The Daily Wildcat


Live Blog: Where will all the green go?

7:03 p.m.
The last two projects were not approved. In the end, 11 proposals will be fully financed by the Green Fund and 5 will be partially financed.

6:55 p.m.
With only two proposals left to be considered, the approved to denied ratio is 16 to 16.

6:45 p.m.
The “Sustain Abroad” project sought to encourage students studying abroad to reduce their waste abroad.
One committee member said of the project, “I’m not sure people will recycle abroad if they do not recycle in their home country.”
The proposal, which had requested $20,800, did not pass.

One of last year’s projects, the UA Community Garden, reapplied for funds this year. It requested $27,200, most of which would go to constructing a ramada at the garden, according to the committee.
Harris pointed out that the project experienced management and budgetary issues last year. He moved to amend the proposed budget to $10,700.

“I wouldn’t want that (management issues) to hinder the success of this project,” Harris said.

The amended proposal was approved by the committee.

6:35 p.m.
One of the most expensive projects submitted to the Green Fund was just denied. The project, “Implementation of Environmentally-friendly Technologies and Resource Conservation,” asked for $148,200, which is $10,300 more than last year’s most expensive approved project, “Technologies for Enhancing Food Production, Resource Use Efficiencies and Environmental Friendliness.”

Out of 27 proposals reviewed so far, 14 have been approved.

6:25 p.m.
Some of the Green Fund’s money will travel outside Tucson and up to Phoenix. The “Phoenix Biomedical Campus Compost” project will receive $7,600 over one year.

One committee member praised the project for its statewide appeal.
“I think we can influence Arizona students to be more sustainable, and that includes ASU students,” she said.

6:00 p.m.
So far, the committee has voted on half of the proposals. The approved to denied ratio is 10 to 7.

One proposal, “Greening the Game,” would install recycling bins at UA athletic facilities, providing a way for sports fans to recycle their trash. The proposal, one committee member said, is “long overdue.” The project was funded in full, totaling $6,700.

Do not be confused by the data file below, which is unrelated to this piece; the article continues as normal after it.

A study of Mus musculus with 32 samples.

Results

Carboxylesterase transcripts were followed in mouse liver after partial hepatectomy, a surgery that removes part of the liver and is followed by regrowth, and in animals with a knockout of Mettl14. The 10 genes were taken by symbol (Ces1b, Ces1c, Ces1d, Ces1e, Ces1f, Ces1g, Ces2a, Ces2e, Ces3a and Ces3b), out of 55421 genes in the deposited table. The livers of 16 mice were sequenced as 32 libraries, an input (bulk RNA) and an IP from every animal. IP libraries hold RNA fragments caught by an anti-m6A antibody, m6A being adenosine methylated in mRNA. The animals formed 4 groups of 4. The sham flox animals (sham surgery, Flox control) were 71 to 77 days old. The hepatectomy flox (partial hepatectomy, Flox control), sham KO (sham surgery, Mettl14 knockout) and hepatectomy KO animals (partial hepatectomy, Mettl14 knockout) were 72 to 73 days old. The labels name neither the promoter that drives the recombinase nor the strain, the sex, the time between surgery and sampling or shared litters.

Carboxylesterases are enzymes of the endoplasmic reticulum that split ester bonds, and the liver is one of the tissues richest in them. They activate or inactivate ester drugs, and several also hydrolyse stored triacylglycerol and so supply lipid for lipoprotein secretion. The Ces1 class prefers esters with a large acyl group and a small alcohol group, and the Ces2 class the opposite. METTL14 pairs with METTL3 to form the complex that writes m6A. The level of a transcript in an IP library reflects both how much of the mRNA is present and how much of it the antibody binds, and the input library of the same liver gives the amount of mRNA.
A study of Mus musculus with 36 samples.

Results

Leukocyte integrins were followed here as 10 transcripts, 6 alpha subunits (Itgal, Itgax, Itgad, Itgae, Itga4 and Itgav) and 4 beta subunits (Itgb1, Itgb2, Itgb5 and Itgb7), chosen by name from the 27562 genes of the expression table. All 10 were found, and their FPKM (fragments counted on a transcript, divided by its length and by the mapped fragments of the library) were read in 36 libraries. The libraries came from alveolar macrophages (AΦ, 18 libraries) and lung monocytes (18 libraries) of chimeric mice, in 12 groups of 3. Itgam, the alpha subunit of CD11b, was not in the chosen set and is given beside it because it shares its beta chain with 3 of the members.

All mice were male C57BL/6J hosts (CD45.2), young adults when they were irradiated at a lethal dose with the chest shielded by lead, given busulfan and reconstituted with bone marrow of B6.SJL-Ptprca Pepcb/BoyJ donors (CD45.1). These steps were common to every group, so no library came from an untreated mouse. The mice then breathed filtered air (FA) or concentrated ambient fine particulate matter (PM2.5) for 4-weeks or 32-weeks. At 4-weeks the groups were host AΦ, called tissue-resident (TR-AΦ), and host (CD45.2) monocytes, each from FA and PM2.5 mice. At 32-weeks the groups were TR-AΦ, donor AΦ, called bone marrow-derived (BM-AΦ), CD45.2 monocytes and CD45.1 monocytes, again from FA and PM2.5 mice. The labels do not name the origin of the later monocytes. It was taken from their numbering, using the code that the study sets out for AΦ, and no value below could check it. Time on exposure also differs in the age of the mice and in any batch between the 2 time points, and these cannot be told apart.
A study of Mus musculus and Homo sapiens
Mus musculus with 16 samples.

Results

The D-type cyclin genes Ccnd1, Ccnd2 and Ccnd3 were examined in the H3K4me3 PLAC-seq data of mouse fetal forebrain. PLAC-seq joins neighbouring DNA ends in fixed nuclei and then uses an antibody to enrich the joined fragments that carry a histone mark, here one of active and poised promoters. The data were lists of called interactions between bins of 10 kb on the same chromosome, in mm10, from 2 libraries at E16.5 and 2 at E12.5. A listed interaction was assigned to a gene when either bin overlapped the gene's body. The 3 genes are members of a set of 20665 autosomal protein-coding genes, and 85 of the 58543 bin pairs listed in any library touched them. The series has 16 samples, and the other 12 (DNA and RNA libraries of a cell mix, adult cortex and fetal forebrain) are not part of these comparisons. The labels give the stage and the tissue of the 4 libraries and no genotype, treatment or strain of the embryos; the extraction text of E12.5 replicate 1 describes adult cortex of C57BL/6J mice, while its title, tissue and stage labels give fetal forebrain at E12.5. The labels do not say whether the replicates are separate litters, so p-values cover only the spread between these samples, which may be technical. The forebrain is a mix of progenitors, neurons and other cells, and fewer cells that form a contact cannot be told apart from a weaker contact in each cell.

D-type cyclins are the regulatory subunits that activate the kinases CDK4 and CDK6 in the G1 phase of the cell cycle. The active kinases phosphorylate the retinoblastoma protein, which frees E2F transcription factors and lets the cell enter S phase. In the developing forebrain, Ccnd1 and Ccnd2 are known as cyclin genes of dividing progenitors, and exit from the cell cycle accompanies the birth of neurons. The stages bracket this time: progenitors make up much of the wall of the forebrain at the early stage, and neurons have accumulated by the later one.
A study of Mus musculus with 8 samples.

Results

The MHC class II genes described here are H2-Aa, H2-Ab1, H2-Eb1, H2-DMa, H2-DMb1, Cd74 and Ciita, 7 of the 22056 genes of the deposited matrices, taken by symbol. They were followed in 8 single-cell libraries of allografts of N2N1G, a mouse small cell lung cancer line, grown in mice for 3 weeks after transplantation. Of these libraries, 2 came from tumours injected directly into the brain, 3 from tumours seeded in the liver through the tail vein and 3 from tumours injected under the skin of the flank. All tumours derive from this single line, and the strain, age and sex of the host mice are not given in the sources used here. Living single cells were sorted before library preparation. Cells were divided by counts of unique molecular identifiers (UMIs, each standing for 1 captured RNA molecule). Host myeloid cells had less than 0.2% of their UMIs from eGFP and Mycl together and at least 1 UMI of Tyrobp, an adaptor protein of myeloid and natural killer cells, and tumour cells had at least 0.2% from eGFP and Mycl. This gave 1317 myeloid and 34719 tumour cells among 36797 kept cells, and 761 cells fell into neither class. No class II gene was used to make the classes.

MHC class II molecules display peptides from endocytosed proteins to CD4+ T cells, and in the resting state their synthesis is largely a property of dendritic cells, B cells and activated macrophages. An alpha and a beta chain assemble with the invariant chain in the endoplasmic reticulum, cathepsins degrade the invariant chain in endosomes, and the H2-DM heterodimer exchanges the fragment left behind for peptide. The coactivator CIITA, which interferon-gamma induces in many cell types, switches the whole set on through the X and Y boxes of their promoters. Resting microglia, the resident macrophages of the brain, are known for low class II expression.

5:40 p.m.
One member of the audience requested to respond to criticism from the committee, but was told she was not allowed to raise any arguments at this time. The project she was defending is called the “Highland Commons Courtyard.”

In response to her comments, one committee member said “we can’t justify spending that much on a sculpture.” The project was not approved.

Another request, “Sustainability Education through Wildcat Ads,” seeks to raise awareness about sustainability through ads in the Daily Wildcat each semester and during the summer. It was amended to only provide funding, $1,700, for two ads.

“I think it’s worth a shot,” Harris said.

The amended proposal, however, did not pass because some of the committee members found that printing the ads in color to be unsustainable. The vote was 4 to 5.

So far, eight proposals have been approved, with six of them receiving full funding.

5:30 p.m.
The AGTM Green Teaching Lab will be located off campus and therefore it will operate year-round. This “extends the impact” of the project, one committee member said. This project was approved and will receive $11,400.

The current approved to denied ratio is 5:4.

5:25 p.m.
Harris pointed out that all funding for fiscal year 2013 will not be available until mid-July.

5:10 p.m.
The first project, “Using Green Infrastructure to Maximize Ecosystem Functions and Services in Cities” received support from several of the committee members.

“Personally I really like this project,” said Alex Harris, the Green Fund committee chair. “I think it will be very beneficial to the student workers.”

The committee proposed, however, that the Green Fund only finance the first year of the project in hopes that it will receive outside support.

The proposal was funded unanimously, with an amendment to fund it for only the first year.

The second project, “Covered Bike Shelter: A Protype for the University of Arizona” received criticism from one committee member for being too limited in its audience. Another member said the proposal would benefit from collaborating with other entities like Parking and Transportation Services. The committee rejected the proposal.

So far, two projects have been approved at two have been denied.

About 25 people are currently in attendance, including the Director of Sustainability, Joe Abraham, and Natalie Lucas, co-director of Students for Sustainability.

5:03 p.m.
The Green Fund committee has about $400,000 to distribute to projects aimed at making the UA campus more sustainable. Thirty-four proposals have been submitted for consideration, but not all of them can receive funding because the total requested funding exceeds the amount the committee can allocate. Stay tuned to find out which projects will be financed!